Potential is notoriously difficult to quantify. By it’s very definition it is not yet realized.
Despite it not being readily availably, it has value and factors in to decisions like the player a sports team drafts or the neighborhood in which you live.
Investments are built on potential. We ask, “Can this become something much more than it is right now?”
Recently, two examples of potential dominated the news cycle, but many handled them in diametrically opposite manners.
Potential in gun laws
Following on the heels of shootings in Charleston and Chattanooga, a man opened fire in a Lafayette movie theater—yet another community deals with grief as more families are torn apart by a murderer.
Each of those lives are now remembered by what they did, but also what they could have done. We think of the potential that was cut short through violence.
Almost immediately after such shootings, politicians and activists begin calling for stricter gun control laws. Increased regulations, they argue, could potentially save lives like those lost in the mass shootings that have become all too common.
They recognize the Second Amendment protects the right to bear arms, but, from their perspective, we can uphold those freedoms while implementing certain restrictions.
Potential is worth protecting, they say. Some potentials have already been crushed, but new laws could allow other potentials to become actualities. Therefore, we must act.
Potential in abortion
Meanwhile, much of the nation was outraged by videos showing Planned Parenthood executives describing performing abortions in certain ways in order to harvest and sell fetal organs.
According to those defending the procedures, what is being described is acceptable because the human life in the womb is only a potential person.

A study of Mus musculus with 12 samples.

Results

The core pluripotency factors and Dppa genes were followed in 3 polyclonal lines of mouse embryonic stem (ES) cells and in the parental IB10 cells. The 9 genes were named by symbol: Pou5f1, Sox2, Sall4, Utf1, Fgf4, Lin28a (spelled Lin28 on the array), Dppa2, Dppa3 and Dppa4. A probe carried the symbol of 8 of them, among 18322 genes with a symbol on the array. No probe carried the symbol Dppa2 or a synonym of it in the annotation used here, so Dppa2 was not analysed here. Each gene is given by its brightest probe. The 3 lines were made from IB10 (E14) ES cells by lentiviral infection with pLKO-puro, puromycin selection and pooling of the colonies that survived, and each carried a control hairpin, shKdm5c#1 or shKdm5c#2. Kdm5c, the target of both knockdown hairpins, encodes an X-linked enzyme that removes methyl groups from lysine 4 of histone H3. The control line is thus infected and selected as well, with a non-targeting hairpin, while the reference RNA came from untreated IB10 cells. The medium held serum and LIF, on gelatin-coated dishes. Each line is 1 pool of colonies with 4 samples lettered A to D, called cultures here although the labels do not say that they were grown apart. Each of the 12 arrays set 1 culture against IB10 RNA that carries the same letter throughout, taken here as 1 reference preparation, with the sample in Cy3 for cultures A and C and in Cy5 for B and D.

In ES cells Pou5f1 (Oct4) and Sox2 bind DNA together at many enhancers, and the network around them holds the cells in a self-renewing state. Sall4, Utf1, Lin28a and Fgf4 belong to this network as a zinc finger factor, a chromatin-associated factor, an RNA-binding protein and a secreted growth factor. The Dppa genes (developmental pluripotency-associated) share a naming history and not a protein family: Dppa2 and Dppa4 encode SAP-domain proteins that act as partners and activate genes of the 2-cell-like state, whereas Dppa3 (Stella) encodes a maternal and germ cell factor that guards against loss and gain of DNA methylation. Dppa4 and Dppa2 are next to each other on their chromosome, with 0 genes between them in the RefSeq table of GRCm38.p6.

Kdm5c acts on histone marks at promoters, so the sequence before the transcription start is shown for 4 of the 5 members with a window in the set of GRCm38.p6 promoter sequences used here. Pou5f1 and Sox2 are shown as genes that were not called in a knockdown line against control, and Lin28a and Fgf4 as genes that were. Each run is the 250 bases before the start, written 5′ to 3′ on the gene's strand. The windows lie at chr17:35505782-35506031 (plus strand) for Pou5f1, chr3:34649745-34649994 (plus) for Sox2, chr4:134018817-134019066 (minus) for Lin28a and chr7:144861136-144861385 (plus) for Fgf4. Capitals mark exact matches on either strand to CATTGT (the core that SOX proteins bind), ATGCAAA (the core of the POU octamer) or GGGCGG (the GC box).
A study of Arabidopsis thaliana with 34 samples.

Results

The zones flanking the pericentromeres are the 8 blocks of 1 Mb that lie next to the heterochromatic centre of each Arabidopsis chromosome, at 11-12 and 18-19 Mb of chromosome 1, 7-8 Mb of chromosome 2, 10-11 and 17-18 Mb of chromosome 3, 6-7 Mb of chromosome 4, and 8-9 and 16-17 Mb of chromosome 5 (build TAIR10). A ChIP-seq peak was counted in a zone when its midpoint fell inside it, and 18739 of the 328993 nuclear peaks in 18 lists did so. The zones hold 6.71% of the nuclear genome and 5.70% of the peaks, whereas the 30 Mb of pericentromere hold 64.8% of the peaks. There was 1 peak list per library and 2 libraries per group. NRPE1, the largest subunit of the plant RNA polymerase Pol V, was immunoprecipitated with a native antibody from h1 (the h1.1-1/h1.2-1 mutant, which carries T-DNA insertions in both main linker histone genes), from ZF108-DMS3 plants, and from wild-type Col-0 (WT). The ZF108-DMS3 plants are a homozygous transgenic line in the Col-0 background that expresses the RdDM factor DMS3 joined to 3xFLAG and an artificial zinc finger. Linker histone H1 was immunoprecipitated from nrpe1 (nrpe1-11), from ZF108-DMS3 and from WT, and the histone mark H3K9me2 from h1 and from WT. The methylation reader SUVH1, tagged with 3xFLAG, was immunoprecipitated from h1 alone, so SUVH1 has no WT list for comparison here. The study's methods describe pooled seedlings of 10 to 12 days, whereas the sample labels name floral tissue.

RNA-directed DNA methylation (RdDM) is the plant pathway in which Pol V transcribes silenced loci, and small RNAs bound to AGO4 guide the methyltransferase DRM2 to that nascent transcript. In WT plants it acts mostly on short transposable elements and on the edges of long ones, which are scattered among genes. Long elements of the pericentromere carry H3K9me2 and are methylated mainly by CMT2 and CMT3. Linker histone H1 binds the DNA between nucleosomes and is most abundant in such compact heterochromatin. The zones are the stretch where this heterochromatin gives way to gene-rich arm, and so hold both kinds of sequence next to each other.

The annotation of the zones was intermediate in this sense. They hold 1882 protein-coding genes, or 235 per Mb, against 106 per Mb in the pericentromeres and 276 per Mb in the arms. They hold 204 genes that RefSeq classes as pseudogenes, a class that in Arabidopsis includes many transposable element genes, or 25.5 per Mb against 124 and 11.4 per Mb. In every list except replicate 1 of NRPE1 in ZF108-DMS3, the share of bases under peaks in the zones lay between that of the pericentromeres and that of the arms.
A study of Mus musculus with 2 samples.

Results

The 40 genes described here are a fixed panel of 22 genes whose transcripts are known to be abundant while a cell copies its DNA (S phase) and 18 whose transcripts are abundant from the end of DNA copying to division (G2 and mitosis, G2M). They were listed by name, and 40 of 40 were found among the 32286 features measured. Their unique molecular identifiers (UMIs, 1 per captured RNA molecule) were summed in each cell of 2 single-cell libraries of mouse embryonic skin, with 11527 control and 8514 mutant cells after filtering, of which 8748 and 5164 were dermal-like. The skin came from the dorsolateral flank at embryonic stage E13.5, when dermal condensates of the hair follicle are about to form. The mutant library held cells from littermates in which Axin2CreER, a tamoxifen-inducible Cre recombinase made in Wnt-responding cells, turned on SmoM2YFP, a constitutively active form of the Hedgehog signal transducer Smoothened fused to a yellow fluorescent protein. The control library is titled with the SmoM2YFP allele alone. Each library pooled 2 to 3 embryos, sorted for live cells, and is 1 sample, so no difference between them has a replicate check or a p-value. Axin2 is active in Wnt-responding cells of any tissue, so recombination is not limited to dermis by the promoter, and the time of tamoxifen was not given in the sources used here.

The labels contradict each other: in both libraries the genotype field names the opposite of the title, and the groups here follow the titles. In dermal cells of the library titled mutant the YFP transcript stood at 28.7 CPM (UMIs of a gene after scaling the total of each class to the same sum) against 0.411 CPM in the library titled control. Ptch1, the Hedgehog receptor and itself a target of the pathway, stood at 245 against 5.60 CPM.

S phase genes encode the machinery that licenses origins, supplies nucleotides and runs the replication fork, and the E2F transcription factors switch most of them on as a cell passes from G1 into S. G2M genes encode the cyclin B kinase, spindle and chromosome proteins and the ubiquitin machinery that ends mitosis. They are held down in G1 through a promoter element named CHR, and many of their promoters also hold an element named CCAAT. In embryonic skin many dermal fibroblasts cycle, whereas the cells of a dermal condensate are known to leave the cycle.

Ending that life is a moral (or at least amoral) act, the argument goes, because the life has not developed far enough to be classified as an actual person.
There is no need for tighter regulations or restrictions on abortion, because the Supreme Court has ruled that a woman has the right to end the pregnancy.
Potential life should not trump a woman’s right to choose, they say. Potential life can be crushed because it’s just potential after all. Therefore, there is no need to overreact.
Exposing the contradiction
Hopefully the contradiction between the two attitudes on potential is obvious. The argument for increased gun control says we must act because lives can potentially be saved. The argument for abortion says we should not act because lives that would be saved are only potential.
Which one is it? Am I supposed to value potential lives or not?
After the tragedy at Sandy Hook Elementary School, President Obama argued for additional gun laws by saying that if it would potentially protect just one child, we had an obligation to act.
The Planned Parenthood videos remind us that we can act and save lives right now. Even if you consider life in the womb to merely be “potential life,” it can and should still be worthy of protection.
If you have argued, as many have, that potential lives saved is a justification for gun control, then, in order to remain consistent, you have to similarly believe potential lives saved in the womb is a justification for additional abortion regulations.
Currently, the Supreme Court has decided abortion is a constitutionally protected act. Since the founding of our country, owning firearms has been a constitutionally protected act.
If mass shootings grant justification to curb our rights in order to protect and value potential life, why can the same not be said for the videos of abortion doctors?
Can life, even potential life, trump unfettered rights? Gun control advocates already seem to accept that reasoning. Why then would it not extend to abortion?
There is room for a discussion on certain regulations and restrictions on gun ownership. And I will gladly engage in that conversation.
But if you only value one type of potential lives saved, I do not believe you have thought through your own argument or its implications deeply enough. I will gladly consider your argument after you have done so yourself.
If we argue, in light of mass shootings, the potential lives of one group of people should allow for the curtailing of the rights of another group, then then same argument must hold for the right to an abortion.
Potential matters after all, whether it is a life ended in a movie theater, a church, or a womb.